Saving money can seem like a daunting task. With so much to save for, where do you start? Should you focus on practical things, like an emergency fund, a down payment on a home or your retirement account? Can you grow your savings for indulgences now, like a tropical vacation or a new phone? And what about that diamond-encrusted cat collar you saw online? Whiskers would look stunning!
To get there, you need a plan. Here’s a five-step approach to reach your savings goals – cat collar and all.
Step 1: Define and prioritize your goals
First, the fun part. Think of everything you want to save for that isn’t part of your daily living expenses. Consider both short-term wishes and longer-term necessities. Write them down and rank them in order of importance. Now you have a list of savings goals to work toward.
Step 2: Determine how much you need to save
Next, the math part. Write down a dollar figure for each item on your list. Take your time to figure out costs, so your estimates are as accurate as possible*; then assign a due date for each.
To get a rough idea of how much you’ll need to save per month, divide the total cost of each item by the number of months left before the due date. For a more accurate projection that includes the potential growth of your investment, use our savings goal calculator.**
Step 3: Decide how much you can spend
Next, the bills part. Before you can allocate funds toward your savings goals, you need to set aside enough to cover your daily expenses. Make a budget by subtracting the cost of your monthly expenses from your after-tax income. This gives you a balance to put toward your savings goals each month. There are plenty of online tools to help, like the Budget Planner from the Financial Consumer Agency of Canada.***
You can also follow the 50/20/30 rule. Here’s how it works:
- Use 50% of your income for essential living expenses, like food, rent, transportation and utilities.
- Use 20% of your income for long-term savings goals, like retirement and debt reduction.
- Use 30% of your income for non-essentials, like travel, entertainment and other indulgences.
Step 4: Debug your list
Now, the rational part. Chances are you may not have a balance that allows you to achieve every goal right away. That’s okay. Take a second look at your goals list and make some adjustments. You can reprioritize, extend due dates or cut some things that are lower priority.
Let’s say that setting aside three months salary in an emergency fund is your top priority. To meet that goal in time, maybe Whiskers has to wait an extra year before he’s the best dressed cat on the block.
Step 5: Deposit your savings automatically
Finally, the saving part. Once you know which goals to focus on and how much you can put toward them, set up an investment separate from your chequing account. This helps you stay organized, so you can see exactly how much you’ve saved toward your goals. It also makes you less likely to pilfer your savings to pay for something else, which is easy to do if you lump all your savings together in your regular chequing account.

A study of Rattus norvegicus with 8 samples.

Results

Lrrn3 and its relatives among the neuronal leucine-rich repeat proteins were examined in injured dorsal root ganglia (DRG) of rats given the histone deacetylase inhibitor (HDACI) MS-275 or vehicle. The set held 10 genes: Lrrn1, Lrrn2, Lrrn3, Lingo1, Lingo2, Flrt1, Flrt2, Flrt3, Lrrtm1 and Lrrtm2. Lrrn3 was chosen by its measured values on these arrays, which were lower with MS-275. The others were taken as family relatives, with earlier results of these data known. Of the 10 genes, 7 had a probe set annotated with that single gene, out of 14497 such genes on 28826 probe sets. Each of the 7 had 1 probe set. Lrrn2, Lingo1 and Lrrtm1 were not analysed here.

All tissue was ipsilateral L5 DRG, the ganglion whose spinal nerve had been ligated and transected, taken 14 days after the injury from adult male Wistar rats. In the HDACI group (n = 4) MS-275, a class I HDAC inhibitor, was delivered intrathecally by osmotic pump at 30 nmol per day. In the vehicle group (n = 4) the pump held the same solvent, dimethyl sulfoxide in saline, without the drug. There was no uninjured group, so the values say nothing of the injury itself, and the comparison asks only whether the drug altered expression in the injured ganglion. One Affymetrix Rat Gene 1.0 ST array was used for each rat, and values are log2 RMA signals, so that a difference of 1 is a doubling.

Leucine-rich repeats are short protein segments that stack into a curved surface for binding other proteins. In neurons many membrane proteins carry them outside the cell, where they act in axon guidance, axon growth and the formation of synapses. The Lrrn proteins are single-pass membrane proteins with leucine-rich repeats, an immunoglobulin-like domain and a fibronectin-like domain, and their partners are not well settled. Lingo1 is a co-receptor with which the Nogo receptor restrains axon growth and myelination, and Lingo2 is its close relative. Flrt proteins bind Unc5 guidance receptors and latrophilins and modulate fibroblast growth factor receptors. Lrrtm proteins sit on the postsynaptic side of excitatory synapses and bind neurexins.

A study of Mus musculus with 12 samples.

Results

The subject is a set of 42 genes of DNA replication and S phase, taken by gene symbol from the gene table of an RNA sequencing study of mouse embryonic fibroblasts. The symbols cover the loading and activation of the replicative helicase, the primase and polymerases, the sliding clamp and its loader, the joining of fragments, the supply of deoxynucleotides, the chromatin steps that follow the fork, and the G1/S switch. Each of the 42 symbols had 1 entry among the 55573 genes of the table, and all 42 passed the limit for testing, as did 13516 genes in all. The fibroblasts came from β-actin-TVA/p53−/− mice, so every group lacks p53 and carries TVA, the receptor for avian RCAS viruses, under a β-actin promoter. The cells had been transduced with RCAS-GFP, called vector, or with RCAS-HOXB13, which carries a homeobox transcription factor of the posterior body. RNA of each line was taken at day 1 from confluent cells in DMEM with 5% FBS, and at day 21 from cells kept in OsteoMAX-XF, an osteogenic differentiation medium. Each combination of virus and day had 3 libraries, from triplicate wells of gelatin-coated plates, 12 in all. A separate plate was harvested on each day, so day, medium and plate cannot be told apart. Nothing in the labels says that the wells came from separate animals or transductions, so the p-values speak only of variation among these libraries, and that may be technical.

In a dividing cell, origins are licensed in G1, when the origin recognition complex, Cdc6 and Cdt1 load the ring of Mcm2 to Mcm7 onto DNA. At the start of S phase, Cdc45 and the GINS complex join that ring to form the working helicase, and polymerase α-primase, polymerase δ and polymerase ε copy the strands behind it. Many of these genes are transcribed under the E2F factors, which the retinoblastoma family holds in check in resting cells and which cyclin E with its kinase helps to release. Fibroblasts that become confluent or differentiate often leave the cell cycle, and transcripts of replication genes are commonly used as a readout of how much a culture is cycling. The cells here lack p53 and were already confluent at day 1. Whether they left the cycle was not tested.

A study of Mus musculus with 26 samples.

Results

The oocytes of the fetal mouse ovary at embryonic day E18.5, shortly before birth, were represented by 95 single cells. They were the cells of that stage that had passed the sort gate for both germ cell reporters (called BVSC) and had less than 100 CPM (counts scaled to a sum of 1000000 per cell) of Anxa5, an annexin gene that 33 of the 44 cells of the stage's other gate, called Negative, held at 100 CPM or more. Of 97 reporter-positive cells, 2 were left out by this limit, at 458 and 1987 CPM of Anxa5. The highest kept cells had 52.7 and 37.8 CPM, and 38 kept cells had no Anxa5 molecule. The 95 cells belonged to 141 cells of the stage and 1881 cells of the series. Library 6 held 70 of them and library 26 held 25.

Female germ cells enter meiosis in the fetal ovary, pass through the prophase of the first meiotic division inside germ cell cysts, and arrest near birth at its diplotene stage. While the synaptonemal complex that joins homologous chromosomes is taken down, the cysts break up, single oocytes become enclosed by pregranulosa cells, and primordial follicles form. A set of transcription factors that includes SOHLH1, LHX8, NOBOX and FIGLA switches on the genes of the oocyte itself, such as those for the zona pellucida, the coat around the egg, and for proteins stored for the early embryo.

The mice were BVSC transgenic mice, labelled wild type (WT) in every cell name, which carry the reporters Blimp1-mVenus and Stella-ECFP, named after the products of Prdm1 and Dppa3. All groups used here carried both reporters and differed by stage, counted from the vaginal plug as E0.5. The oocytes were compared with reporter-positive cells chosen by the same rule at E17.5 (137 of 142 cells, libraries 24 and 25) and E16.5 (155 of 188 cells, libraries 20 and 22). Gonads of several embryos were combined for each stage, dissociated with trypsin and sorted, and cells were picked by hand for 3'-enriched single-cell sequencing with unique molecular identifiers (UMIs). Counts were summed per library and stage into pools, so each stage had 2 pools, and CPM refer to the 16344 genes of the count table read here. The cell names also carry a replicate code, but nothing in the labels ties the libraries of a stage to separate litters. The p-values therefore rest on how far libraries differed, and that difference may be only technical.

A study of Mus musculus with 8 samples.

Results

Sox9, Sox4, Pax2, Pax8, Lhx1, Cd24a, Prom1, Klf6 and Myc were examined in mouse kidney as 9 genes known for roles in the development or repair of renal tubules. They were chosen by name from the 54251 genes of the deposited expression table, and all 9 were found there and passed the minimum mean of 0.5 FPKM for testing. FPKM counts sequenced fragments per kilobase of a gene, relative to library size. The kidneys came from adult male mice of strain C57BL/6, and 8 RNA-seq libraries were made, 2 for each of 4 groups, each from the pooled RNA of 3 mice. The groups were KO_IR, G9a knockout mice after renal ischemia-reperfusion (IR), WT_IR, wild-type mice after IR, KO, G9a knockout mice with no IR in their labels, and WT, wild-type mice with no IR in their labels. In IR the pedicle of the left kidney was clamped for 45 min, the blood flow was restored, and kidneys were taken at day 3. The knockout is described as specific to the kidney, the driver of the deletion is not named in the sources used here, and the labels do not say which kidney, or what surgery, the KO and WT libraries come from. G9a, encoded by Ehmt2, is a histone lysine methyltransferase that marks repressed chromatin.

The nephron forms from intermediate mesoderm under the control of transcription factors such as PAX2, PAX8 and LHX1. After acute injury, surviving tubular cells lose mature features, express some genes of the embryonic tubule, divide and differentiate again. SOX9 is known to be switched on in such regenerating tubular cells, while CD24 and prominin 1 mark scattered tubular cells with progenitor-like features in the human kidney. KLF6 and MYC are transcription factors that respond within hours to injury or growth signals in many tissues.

When your investment is activated, start automatic deposits to it from your chequing account. This “pay yourself first” mentality means you won’t forget to contribute regularly, and that will keep your savings growing as planned.
What type of savings accounts should you use?
Short-term savings: Keep these savings in liquid investments within a TFSA that you can access whenever you need, without early-withdrawal penalties. You’ll want to play it safe with low-risk investments because you won’t have time to wait for market corrections if there’s a downturn when your funds are invested.
Long-term savings: A registered savings plan is a better bet for goals you reach over a longer period, like your children’s education (Registered Education Savings Plan) or your retirement (Registered Retirement Savings Plan). You’ll have access to a wider variety of investments depending on your tolerance for risk, since you have longer to ride out market ups and downs.
This infosheet can help you decide between an RRSP and a TFSA. It also shows you the contribution limits for each type of account. Contact a Financial Advisor to set up an account or to learn more.
*While it’s relatively easy to determine the price for short-term goals, it’s more difficult to pinpoint costs for longer-term goals, like your retirement income. Use our Retirement Savings and Planning Calculator** to get a better understanding of how much you need to save to live comfortably in the future.
**Information and interactive calculators are made available to you as self-help tools for your independent use and are not intended to provide investment advice. Before making investment decisions, you are advised to speak with your Financial Advisor and/or Tax Advisor.